There are 4 main locations of the smaller muscles that make up the overall hip flexor muscles: the abdomen/hip region, the front of the thigh, the gluteus, and the inside of thigh/groin.
There are two (or possibly three) main parts of the illiopsoas, the muscle considered the main Hip Flexor by most.
The Psoas Major is a tapered muscle that runs along the front of your pelvic bone down to your hip joint, it is probably the most important of the hip flexor muscles. While it does help lift the leg up, it also greatly aids in external rotation (moving your leg away from your center of gravity). The Psoas Minor also helps in this role, but only about 50% of people have this muscle! This is also one of the highest risk muscles for a hip flexor injury due to its’ central position.
The Illiacus Muscle is located right beside the Psoas, but it is a much smaller, triangular muscle. The Illiacus is actually important for two types of movements, the first: open-chained (like when you are standing), it helps to raise the leg/knee forward. In closed-chained positions (think lying down), it can help lift the upper half of the torso up, like in a sit-up. Because of the heavy loads often placed on the Illiacus it is often a source of hip flexor pain, usually as a result of a hip flexor strain.
This is what most people would call their quadriceps muscle, but it is actually part of the hip flexor muscles. It obviously is involved in hip flexion, but it also is the primary muscle when extending the leg(knee flexion) in a standing position, like kicking a soccer ball. Note that it is not the primary muscle for this same movement in a seated position when the hip is already in a flexed position, it has limited power, so other muscles are use.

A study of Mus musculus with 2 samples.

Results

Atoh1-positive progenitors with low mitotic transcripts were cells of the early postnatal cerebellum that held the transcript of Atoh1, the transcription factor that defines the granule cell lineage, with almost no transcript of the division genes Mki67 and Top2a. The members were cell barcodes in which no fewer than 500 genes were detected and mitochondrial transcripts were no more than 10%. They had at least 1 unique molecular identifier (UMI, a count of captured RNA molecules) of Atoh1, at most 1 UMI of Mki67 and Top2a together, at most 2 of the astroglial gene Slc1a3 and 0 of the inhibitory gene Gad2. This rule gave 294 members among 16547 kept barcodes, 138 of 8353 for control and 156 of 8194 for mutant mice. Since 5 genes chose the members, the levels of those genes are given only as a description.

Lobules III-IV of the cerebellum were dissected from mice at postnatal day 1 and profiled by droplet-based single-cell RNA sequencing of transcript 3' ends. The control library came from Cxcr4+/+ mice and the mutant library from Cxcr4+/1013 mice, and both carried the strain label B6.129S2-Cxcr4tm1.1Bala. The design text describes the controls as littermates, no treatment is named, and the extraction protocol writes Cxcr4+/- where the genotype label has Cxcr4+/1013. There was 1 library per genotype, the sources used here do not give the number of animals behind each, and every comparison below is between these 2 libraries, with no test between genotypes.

The Sartorius is a long thin muscle that runs from the hip joint all the way down to the knee over top of the thigh. It aids in 4 major movements: Flexion of the knee and hip, rotation of your leg, and adduction (pushing your legs together). Because of its’ many facets of movement, it primarily plays a support role to other hip flexor muscles.
Gluteal Component – Tensor Fasciae latae
The Tensor Fasciae latae is primarily an adductor and stabilizing muscle. In many activities, walking, running, snow activities, and many more, it is heavily used to stabilize the leg and support the knee.
Inner Thigh Muscles
These 4 hip flexor muscles all have extremely similar functions for the scope of this article. The Pectineus, Adductor longus and brevis, and the Gracilis all are located in what most people would consider the groin region. They are responsible mainly for moving the leg laterally, although they support in the flexion of the hip as well.
As you can see, there are several hip flexor muscles that all work together to facilitate hip flexion while fulfilling other functions as well.